Monday, May 3, 2010

Trainers: Your Bartering Network

As a fitness professional working with different types of people, it is always wise to create a network for yourself that will benefit you. A network is used for marketing purposes--obviously,  the power of "word of mouth" is substantial when trying to establish a solid client base. But a network is also important to help you out in times that you need some assistance.

If you train small groups of clients--such as bootcamps--it is important to create a "community" atmosphere and really get to know your clients on an individual level. During the screening process,  you should ask investigative questions as to what your clients do for a living. What kind of profession are they involved in? Then, collectively train these groups and create a group social support system that allows you to freely speak to each client and reach out to them if needed. What do I mean? There will be times in your career that you will need help from people that know about things that you don't know much about. There will be times in your career or personal life that you will need the help of others. As a fitness professional, we have the best jobs in the world because we cater to people a service and in return we earn their trust, friendship, and business.

So what type of people should you include in this network?  Here's a list of some that I learned over the years that it is very important to connect with:

1.) Physician (or some medical personnel) - Over the years, I have had several doctors as clients. I always treat them with the utmost respect and make a special effort to create a comfortable rapport with them. Having a doctor as client allows me to ask him for his opinions on health issues, health care, and illness. It pays to be able to have a source to go to for general info. However, it is important to establish a really solid relationship with a physic an before you go quizzing him on issues or personal matters. A solid relationship takes time (months) to establish and a foundation of trust should be created first.

2.) Attorney - Another great person to have in your corner. Anytime you need advice on legal matters, having an attorney as a client is always a good start. There have been many times I need simple advice on legal issues and asked my lawyer client. Sometimes he could help...sometimes he could not. In any case, it was better than searching  the internet for advice. I must stress that it takes time before a professional feels comfortable to discuss issues "outside the office".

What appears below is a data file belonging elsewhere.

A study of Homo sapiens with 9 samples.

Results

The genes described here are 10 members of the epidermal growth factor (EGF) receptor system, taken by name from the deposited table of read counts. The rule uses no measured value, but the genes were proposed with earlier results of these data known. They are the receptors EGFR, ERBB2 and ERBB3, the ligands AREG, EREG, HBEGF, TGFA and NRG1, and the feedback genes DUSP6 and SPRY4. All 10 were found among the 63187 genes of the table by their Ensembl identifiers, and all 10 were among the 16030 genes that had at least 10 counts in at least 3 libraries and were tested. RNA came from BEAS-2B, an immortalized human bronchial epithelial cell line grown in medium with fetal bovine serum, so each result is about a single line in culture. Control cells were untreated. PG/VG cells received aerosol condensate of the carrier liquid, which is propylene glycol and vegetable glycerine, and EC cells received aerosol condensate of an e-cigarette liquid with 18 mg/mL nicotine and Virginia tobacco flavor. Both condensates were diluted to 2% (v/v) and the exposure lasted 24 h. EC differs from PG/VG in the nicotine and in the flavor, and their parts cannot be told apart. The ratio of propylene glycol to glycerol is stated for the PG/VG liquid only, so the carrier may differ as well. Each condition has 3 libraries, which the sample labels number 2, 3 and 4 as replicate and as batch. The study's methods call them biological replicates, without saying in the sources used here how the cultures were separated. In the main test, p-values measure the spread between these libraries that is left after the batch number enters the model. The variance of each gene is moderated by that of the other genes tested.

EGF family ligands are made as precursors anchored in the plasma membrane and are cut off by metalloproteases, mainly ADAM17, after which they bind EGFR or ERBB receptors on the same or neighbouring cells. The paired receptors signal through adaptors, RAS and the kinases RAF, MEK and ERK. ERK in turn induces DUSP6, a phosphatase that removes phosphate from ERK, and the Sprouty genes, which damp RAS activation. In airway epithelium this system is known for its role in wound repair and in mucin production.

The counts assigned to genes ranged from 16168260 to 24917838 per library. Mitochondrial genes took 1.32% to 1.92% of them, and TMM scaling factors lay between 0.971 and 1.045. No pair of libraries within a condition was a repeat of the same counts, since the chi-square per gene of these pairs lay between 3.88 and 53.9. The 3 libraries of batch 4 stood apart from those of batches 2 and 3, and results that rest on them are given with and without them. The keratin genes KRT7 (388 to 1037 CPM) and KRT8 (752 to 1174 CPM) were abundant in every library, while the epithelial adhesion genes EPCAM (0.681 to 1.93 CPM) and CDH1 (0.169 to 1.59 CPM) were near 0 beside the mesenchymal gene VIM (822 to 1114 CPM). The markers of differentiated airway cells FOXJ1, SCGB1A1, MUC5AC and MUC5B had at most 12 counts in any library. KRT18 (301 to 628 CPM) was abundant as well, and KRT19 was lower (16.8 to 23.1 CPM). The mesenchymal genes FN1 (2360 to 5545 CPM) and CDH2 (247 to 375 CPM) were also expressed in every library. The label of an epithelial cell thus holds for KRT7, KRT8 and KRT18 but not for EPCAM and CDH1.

3.) CPA/Financial Advisor - Having an accountant as a client can be helpful in answering business inquirers. Someone that can "do the books" for your business is not a bad idea if bartering is something you want to do. I have always found that I like to have my books completed by someone other than a client. Use your CPA client for general questions.

4.) Auto Mechanic - Here is one I wish I still had. Since being married,  I have moved my residence and do not train my auto-mechanic client. Nowadays, auto repairmen have turned into sly and devious money hungry animals that "recommend" you fork over hundreds of dollars into vehicle repairs that may or may not need immediate attention. Truth is, having a auto repairman as a client is very helpful in gathering second opinions and general service questions. 

5.)  Handyman - If you are a homeowner and don't do alot of repairs around the house yourself, chances are you can utilize the help of a handyman. A handyman can be anyone from a carpenter, plumber, or heating tech--basically anyone that is creative and knows the in's and out's of things that need repairing. You can barter with a handyman to help fix repairs around your home or studio.

Honorable Mentions - Here is a list of some other noble professionals to have in your arsenal network:

1.) City Official (mayor or council person)
2.) Police Officer
3.) Towing Serviceman
4.) Travel Agent

By no means is this list definitive. We can apply any profession depending on what are needs are. Who would you add to this list?


  1. Hey John great post! and it is so true... I just finished reading "Never Eat Alone" by Keith Ferrazzi and he talk exactly what your talking about if you've never read it its definitely worth your time. I'm excited to read you Cosgrove interview. Keep up the good work.

  2. Thanks Brendon! I have to check out that book! Alwyn's interview will hopefully be up by the end of this week!